The Washington Post

As if it hasn’t been cold enough here…

(AP Photo/U.S. Navy, Cmdr. Christy Hagen) (AP Photo/U.S. Navy, Cmdr. Christy Hagen)

Sen. Angus King’s weekend jaunt to the Arctic is not one of those plum overseas trips lawmakers are sometimes known to take in the name of research. Instead, we’d argue, traveling to the middle of the Arctic Ocean where temperatures rarely break zero degrees is the polar (see what we did there?) opposite of cushy.

King (I-Maine) left Friday for an up and back trip to the U.S. Navy Ice Camp constructed in the middle of the frozen ocean to participate in something called the “Ice Exercise.” According to the Navy’s official blog, their last “ice camp” was in 2011, where campers blogged the experience of testing submarines in Arctic conditions.

One of the Navy’s blog posts is answering questions from children whose fathers were part of the mission:

Q: Another asks a related question about how cold it is in the submarine now and whether their father is able to stay warm.

A: Don’t worry.  Your father is nice and warm.  The submarine is at the same temperature as in any other ocean – boats normally keep their thermostat at about 72 degrees and can overcome any outside or seawater temperature.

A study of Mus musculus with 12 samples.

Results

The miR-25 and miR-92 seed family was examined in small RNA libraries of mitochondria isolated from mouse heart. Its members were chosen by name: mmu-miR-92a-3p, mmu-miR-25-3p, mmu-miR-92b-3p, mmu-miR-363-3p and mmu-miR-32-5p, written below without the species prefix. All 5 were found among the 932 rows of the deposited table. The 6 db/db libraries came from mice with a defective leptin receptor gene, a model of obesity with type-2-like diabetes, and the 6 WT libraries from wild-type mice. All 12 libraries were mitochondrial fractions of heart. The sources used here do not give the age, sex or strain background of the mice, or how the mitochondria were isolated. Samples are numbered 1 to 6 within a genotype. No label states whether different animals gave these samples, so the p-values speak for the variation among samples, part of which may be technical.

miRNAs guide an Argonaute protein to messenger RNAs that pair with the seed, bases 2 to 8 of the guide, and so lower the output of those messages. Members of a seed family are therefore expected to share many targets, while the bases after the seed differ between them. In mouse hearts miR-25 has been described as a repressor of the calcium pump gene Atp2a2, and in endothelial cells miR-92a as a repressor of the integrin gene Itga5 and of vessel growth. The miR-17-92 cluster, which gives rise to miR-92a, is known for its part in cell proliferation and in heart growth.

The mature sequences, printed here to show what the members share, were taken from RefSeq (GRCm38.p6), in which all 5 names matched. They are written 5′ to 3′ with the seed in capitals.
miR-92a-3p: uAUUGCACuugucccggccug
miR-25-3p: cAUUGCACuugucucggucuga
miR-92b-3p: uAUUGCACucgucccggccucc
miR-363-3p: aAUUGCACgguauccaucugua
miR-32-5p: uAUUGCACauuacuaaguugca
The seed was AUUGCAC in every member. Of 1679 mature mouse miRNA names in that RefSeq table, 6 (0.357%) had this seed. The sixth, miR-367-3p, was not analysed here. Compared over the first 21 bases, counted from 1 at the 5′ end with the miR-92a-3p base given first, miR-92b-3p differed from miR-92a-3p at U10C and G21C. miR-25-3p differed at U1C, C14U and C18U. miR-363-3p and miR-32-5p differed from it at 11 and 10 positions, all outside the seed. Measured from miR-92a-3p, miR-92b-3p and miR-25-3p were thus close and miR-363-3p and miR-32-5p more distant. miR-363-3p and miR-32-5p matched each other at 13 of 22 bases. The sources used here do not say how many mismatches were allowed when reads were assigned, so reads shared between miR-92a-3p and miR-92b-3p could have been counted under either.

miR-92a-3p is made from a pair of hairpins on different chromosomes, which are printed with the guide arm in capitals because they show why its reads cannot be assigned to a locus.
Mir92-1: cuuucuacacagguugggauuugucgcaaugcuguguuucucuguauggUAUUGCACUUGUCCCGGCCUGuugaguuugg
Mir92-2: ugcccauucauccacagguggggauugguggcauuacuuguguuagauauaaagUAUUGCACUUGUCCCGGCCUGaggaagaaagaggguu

King’s office said one or two House members were also on the trip, but could not say who. King, a member of the Senate Armed Services Committee, is particularly interested in how the melting Arctic ice can create more waterways for global shipping, according to a release from his office.

So King won’t be dining out at fancy Parisian restaurants on this official trip, but he apparently will be eating well. The Navy blog reports they must eat 5,000 calories a day to offset calories burned from the intense cold. The food, described as “fantastic” is frequently Middle Eastern or Thai.

And, when King returns to Washington next week, the impending spring snowstorm will feel downright balmy.

Colby Itkowitz is the lead anchor of the Inspired Life blog. She previously covered the quirks of national politics and the federal government.